At a seder last year, the host put out a few bottles of Israeli wine.
"Oh, kosher wine," one of the host's relatives observed with flared nostrils and a raised brow, "Yum."
The topic of Israeli wines -- not all kosher wines are Israeli, not all Israeli wines are kosher -- can seem like a meeting place that's made specially for snobs and rubes to share. To paraphrase a certain White House Cabinet member, a lot of people don't know what they don't know or don't know what they think they know. "Kosher" triggers associations with Manischewitz, the syrupy, sacramental stuff found in the fruit and jug wines section.
In fact, Israel has followed the global trend of crafting quality wine and is now regarded by wine experts as an up-and-comer. The industry is technologically modern, with state-of-the-art facilities and know-how. It's also growing aggressively, with more than 120 wineries, an implausibly high number given Israel's small population. To put that in perspective, if Israel were a U.S. state, it would rank fifth.
"Israeli wines are on a steep upward curve," said wine writer Rod Smith. "The country has the conditions, especially in the Golan Heights with its cool high-altitude sites, varied exposures, and volcanic soils. Israeli growers and winemakers are among the most progressive and cosmopolitan in the world. They have the financial backing, too, so all the parts are in place."
The latest part is "Rogov's Guide to Israeli Wines 2005," the first comprehensive English-language book on the subject.
Rogov has long played the role of food and wine ambassador for Israeli tourism, and readers have consulted him for wine and restaurant choices for more than 35 years in his columns in Ha'aretz and the International Herald Tribune and on his Web site. He has, and is, a big personality, who knows the skinny on seemingly every chef, restaurateur, supplier and wine expert in Israel.
The guide aims to put Israel on the oenological map a la John Platter's South African Wine Guide or annual Pocket Wine Guides by Britain's Hugh Johnson and Australia's Oz Clark. Rogov's endeavor is handsomely published, and its portable format underscores its usefulness for wine-travelers.
The book includes a fine introduction with a history and an overview of the subject, then reviews vineyards and their varietals using the convention of stars and the 100-point ratings system, with evaluations according to the flavor wheel. Although wine talk can be generally hard to understand even for experienced wine drinkers (What, after all, is the difference between an 86 and an 87? What is an 87, anyway?), Rogov can be amusing. Of one lowly regarded bottle, sarcasm overflows.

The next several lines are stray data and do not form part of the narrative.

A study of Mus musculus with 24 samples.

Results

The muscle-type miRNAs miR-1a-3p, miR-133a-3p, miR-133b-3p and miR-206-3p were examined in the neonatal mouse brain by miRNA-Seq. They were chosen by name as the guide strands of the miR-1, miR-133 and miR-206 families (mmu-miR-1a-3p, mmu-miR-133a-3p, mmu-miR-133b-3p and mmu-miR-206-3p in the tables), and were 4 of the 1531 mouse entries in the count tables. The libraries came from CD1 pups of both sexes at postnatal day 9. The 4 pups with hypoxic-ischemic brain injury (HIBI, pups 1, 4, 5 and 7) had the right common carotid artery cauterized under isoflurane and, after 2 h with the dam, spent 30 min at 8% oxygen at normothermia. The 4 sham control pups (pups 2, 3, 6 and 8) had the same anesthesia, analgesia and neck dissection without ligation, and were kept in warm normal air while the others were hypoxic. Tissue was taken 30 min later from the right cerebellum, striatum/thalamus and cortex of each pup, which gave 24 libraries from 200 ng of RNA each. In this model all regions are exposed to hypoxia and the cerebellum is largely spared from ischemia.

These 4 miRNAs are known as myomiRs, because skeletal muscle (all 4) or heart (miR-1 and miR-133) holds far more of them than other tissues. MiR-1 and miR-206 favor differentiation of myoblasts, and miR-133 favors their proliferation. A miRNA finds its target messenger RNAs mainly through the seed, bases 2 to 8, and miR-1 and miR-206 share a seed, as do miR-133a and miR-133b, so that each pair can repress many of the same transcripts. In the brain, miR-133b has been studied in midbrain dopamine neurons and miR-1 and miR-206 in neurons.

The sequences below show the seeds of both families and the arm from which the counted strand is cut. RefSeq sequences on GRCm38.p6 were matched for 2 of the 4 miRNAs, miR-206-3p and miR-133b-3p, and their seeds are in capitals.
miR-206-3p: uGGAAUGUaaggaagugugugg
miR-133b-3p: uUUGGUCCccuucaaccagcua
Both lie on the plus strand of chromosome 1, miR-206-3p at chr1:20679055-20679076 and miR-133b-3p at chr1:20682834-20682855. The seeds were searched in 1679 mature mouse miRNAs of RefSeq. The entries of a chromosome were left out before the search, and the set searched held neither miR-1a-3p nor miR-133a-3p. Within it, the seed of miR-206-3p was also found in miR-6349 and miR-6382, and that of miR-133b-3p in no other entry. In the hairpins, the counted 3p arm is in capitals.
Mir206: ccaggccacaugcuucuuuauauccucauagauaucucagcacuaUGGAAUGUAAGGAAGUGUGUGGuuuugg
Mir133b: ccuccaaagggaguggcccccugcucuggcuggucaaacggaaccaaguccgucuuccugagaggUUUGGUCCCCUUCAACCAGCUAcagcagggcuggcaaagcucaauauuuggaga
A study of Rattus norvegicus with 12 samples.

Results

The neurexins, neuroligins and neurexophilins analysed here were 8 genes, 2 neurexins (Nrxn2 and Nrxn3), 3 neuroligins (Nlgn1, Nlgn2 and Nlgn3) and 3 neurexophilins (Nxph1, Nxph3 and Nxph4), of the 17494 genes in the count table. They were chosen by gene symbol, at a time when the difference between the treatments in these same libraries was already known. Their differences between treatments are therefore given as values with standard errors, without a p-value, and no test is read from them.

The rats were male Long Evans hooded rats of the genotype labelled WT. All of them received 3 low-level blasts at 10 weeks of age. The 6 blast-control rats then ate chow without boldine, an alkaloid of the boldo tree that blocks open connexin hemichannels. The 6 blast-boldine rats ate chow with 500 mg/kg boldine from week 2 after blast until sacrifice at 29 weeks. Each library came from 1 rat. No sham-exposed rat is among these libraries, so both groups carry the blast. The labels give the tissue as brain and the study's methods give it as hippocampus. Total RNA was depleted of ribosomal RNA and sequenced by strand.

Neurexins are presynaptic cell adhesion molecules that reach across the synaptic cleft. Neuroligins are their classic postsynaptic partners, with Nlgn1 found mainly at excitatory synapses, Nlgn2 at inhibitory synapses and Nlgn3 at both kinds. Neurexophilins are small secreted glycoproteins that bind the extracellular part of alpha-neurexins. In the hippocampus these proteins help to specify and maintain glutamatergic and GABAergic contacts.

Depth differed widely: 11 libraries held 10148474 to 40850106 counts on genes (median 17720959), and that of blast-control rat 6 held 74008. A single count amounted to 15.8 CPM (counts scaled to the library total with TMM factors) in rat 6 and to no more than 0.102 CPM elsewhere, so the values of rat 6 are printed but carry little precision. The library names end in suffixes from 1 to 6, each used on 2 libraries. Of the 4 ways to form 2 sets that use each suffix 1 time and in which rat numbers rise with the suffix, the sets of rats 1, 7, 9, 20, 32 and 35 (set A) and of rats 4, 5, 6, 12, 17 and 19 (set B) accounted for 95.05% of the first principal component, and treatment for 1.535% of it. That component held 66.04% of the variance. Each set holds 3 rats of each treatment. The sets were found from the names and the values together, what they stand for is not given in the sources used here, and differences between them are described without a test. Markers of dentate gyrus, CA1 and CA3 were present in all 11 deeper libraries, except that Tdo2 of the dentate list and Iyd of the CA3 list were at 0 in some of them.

"Drink up," he writes, proving how brevity is wit.
The introduction, though, is worth the book's $14.95 price. For all the effete and inaccessible talk that wine sometimes seems to invite, wine is fundamentally about the land. Wines' roots in the Land of Israel extend back to ancient times, and they laid the foundation for the Zionist enterprise. The Torah notes that Noah planted the first vineyard, and how Moses' spies in Canaan brought back immense clusters of grapes. Deuteronomy lists wine among the blessings the Promised Land will yield. Ezekiel even makes reference to wine-growing methods, specifically trellises winemakers used to train vines. There's a considerable archeological record to back up the Bible, too, with remains of ancient wine presses and other wine-making paraphernalia across the entire Land of Israel. The only interruptions of wine production were during certain periods of Muslim rule, since Islam forbids alcohol.
That vines, like people, need strong roots was a metaphor that wasn't lost on the earliest pioneers in Palestine, the Chalutzim, who saw a prospect to meet the Jewish world's demand for kosher wine. In 1882, with backing from the Baron Edmund de Rothschild, who owned the Chateau Lafite, one of the most esteemed wineries in Bordeaux, the early settlers planted vineyards in Rishon LeZion. Rothschild sent experts, supplies and grape varieties from Europe and funded wineries in Rishon, as well as in Zichron Ya'akov, which opened in 1890. Heat killed the first harvests, followed by a plague of insects, and the ventures failed. Even so, Rothschild subsequently organized a collective to manage the two wineries in 1906 called, Carmel Mizrahi -- and that entity dominated the Israeli wine industry through the 1980s.
Quality improved dramatically in the 1990s and early 2000s, especially with the rise of dozens of boutique and artisanal producers. Some produce fewer than 1,000 bottles, some more than 100,000 bottles. The challenge for small wineries is distribution, and various efforts are under way, including one by Carmel, to organize boutique producers and help them reach a wider market. The big producers, notably Carmel and Golan Heights Winery, dominate shelf space in the metropolitan Philadelphia region. In New York, selection is somewhat better.
The question now is the future, and where, given the competition, Israeli wine will go from here. Because it's Israel, wine also faces political pressures, especially because some of Israel's best wine-growing lands are in disputed areas, most notably the Golan Heights but also in the hills of Judea.
That aside, Rogov looks to the niche success of places such as Sicily and the Penedes region of Spain, which succeeded by appealing to wine drinkers in search of novel, high-quality wines, as examples Israeli winemakers should look to for guidance. As niche wines, Rogov writes, Israelis wines "will move off those shelves limited only to kosher holdings and begin to appear in a special Israeli section. Their appeal to the broader population will come form their unique qualities, reflecting their Mediterranean and specifically Israeli source.... Those that prove their excellence will find themselves in greater demand by both Jewish and non-Jewish audiences."